9. October 2014
Governments in industrial countries regularly put pressure on developing countries to introduce stringent plant variety protection (PVP) regimes and to adhere to the 1991 Act of the UPOV Convention, without duly considering its consequences on the enjoyment of human rights of vulnerable groups such as small-scale farmers and in particular women. New research shows, the expansion of intellectual property rights on seeds might well restrict small-scale farmers’ practices of seed saving and use, exchange and selling in the informal seed supply system, limiting access to seeds and putting their right to food at risk.
9th of october 2014
A pioneering research published in the Report “Owning Seeds, Accessing Food” (PDF, 2.2 MB) by an international group of NGOs reveals worrying results. The human rights impact assessment of stringent plant variety protection and seed laws based on the 1991 Act of the International Union for the Protection of New Varieties of Plants (UPOV 91) provides convincing evidence of the threat to the right to food by small-scale farmers. Their widespread practice of freely saving, replanting, exchanging and selling seeds clashes with the UPOV 91’s provisions that restricts or even prohibits such practices for seeds arising from protected varieties of plants by plant breeders. Consequently, plant variety protection based on UPOV 91 will make it harder for small-scale farmers to access improved seeds as shown by the case studies in Kenya, Peru and the Philippines presented in the research report. Access to seed is a key feature of the right to food of resource-poor farmers.
While to date governments have not heeded calls from UN human rights bodies, academics and NGOs to carry out human rights impact assessments of new policies and laws, the new NGO research report (PDF, 2.2 MB)proves their value for policy-making in the public interest.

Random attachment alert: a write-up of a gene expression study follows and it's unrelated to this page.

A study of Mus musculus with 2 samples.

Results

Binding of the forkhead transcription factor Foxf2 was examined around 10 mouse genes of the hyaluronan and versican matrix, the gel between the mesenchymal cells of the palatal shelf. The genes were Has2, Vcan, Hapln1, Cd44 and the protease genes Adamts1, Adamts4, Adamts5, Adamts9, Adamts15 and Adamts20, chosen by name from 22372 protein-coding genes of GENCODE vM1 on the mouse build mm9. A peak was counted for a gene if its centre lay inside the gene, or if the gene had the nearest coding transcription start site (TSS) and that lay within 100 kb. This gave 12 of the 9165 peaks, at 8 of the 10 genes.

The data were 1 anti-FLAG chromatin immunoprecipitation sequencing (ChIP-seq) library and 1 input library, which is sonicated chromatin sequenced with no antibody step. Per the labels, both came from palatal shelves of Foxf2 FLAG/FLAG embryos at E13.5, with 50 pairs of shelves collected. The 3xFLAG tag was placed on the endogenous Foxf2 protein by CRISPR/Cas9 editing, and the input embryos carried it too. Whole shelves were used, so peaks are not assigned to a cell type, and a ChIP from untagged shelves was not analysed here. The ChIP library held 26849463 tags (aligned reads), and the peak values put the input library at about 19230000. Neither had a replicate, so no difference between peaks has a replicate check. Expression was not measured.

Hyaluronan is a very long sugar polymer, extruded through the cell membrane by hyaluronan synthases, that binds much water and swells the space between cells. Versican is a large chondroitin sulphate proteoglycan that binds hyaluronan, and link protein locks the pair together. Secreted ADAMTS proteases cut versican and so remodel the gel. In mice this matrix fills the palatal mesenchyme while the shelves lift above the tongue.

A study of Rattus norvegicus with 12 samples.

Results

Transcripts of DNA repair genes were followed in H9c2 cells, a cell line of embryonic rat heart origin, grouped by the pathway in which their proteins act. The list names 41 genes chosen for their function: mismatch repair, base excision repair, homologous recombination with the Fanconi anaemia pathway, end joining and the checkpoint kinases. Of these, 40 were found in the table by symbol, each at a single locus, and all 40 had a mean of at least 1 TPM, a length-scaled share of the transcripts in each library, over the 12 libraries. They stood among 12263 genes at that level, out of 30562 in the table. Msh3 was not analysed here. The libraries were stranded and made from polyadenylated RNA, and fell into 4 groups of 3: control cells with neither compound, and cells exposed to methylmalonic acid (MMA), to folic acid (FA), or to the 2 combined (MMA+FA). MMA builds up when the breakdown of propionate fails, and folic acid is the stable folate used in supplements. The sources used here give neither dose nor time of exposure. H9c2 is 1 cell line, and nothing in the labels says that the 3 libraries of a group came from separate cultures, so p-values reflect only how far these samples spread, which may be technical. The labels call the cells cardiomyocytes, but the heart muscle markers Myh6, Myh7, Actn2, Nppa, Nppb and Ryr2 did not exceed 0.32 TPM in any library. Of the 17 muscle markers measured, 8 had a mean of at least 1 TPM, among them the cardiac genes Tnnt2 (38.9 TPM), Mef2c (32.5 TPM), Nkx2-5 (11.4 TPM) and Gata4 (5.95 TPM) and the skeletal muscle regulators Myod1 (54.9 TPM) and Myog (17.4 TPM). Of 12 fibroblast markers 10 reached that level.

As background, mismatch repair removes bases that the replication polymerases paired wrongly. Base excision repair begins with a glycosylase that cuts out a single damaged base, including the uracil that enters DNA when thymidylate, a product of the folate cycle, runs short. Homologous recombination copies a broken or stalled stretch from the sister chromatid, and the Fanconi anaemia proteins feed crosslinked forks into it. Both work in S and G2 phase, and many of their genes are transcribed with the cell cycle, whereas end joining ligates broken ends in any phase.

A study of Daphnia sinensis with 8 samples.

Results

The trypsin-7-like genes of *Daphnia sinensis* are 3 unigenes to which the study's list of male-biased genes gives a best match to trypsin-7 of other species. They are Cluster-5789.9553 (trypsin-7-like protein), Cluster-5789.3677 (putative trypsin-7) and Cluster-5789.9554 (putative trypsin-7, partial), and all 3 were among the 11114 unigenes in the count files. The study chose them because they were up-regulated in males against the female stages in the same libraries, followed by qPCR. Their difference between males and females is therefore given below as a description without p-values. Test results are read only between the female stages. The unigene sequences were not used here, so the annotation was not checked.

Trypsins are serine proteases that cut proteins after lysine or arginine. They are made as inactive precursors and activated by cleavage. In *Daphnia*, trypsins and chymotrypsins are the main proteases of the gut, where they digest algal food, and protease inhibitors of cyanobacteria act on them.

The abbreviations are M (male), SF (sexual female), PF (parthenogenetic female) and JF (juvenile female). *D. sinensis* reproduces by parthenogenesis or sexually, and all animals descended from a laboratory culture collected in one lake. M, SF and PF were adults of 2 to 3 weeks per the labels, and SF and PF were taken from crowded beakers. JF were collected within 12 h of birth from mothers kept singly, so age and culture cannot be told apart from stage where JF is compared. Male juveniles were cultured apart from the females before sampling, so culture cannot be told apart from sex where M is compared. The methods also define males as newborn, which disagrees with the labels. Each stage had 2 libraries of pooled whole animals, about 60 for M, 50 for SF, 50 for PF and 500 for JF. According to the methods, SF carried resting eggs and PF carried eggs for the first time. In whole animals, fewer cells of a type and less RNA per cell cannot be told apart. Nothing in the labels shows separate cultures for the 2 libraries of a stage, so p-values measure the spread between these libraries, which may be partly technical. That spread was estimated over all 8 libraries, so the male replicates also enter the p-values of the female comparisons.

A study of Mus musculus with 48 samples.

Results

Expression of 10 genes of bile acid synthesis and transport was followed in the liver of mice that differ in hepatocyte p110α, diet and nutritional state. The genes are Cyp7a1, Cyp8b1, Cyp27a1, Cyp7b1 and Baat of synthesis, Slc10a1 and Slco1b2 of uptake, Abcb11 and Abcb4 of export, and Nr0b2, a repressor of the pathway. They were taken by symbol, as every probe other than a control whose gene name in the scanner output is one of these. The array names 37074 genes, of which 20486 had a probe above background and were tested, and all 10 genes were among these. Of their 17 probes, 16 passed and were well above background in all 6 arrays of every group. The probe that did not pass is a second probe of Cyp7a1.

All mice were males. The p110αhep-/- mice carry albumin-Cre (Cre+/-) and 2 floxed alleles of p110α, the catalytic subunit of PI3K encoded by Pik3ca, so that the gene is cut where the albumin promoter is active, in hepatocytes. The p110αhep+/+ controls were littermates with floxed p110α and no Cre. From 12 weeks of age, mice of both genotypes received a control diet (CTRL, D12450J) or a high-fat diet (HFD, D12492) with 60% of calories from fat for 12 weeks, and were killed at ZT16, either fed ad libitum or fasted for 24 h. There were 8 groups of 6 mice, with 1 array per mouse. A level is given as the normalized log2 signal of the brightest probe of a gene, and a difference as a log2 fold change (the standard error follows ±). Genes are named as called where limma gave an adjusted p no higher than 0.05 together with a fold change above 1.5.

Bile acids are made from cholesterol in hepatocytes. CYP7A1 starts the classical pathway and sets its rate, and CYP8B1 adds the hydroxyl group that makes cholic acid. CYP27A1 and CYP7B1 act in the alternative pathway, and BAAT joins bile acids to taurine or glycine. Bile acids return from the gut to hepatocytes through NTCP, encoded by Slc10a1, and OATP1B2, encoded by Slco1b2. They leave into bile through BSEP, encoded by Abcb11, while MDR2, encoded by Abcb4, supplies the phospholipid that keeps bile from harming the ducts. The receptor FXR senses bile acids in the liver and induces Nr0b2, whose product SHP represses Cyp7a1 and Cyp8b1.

The report warns governments that accelerated introduction of stringent plant variety protection based on UPOV 91 might threaten the right to food. Based on the findings, the report provides key recommendations to be urgently considered by governments. These include:
- to undertake a human rights impact assessment before drafting or amending a national plant variety protection law or before introducing intellectual property requirements in trade or investment agreements in the area of agriculture,
- to use the flexibility provided by the TRIPS Agreement to draft PVP laws and related measures that reflects the needs and interests of the most vulnerable groups such as small-scale farmers
- to promote implementation of other legal obligations such as realizing farmers’ rights, the protection of the rights of indigenous people and traditional knowledge,
- to ensure national PVP laws allow small-scale farmers to freely save, use, exchange and sell all farm- saved seeds/propagating material,
- to ensure that governments abide by a transparent and participatory process that includes all potentially affected stakeholders, especially small-scale farmers and public interest groups, when drafting, amending or implementing seed laws and related measures. Failing to do so risk the violation of the right to food of small-scale farmers and their families.
For more information contact
Thomas Braunschweig, Berne Declaration, +41 79 339 3701, t.braunschweig[at]evb.ch
Teshome Hunduma, Development Fund Norway, +47 99 546 282, teshome[at]utviklingsfondet.no
Sangeeta Shashikant, Third World Network, +44 79 7217 5128, sangeeta[at]twnetwork.org
Many developing countries are under pressure to strengthen their plant variety protection (PVP) regimes, often as a result of pressure and demands in trade agreements with developed countries. In a pioneering research endeavor, a group of NGOs carried out a human rights impact assessment (HRIA) of stronger plant variety protection laws based on the 1991 Act of the Convention for the Protection of New Varieties of Plants (UPOV 91). UPOV 91 to some extent restricts the saving of seeds and propagation material of protected varieties and prohibits their exchange and sale by farmers. The case studies in Kenya, Peru and the Philippines provide convincing evidence of the threat to the enjoyment of the right to food by small-scale farmers as they rely heavily on the informal seed system with its wide-spread practice of freely saving, replanting, exchanging and selling seed. The report further reveals a lack of information and participation of small-scale farmers and other public interest stakeholders in the process of adopting and reforming PVP-related laws. Another key message relates to the methodological approach. While challenging and still new, the existing principles, methodological steps, and accumulated experience provide a sound basis for applying a HRIA of public policies. Finally, the report offers actor-specific recommendations, including the call on governments to undertake a HRIA before strengthening their respective national PVP regime (or including UPOV 91 commitments in trade agreements), to shield the most vulnerable groups such as small-scale farmers from human rights violations.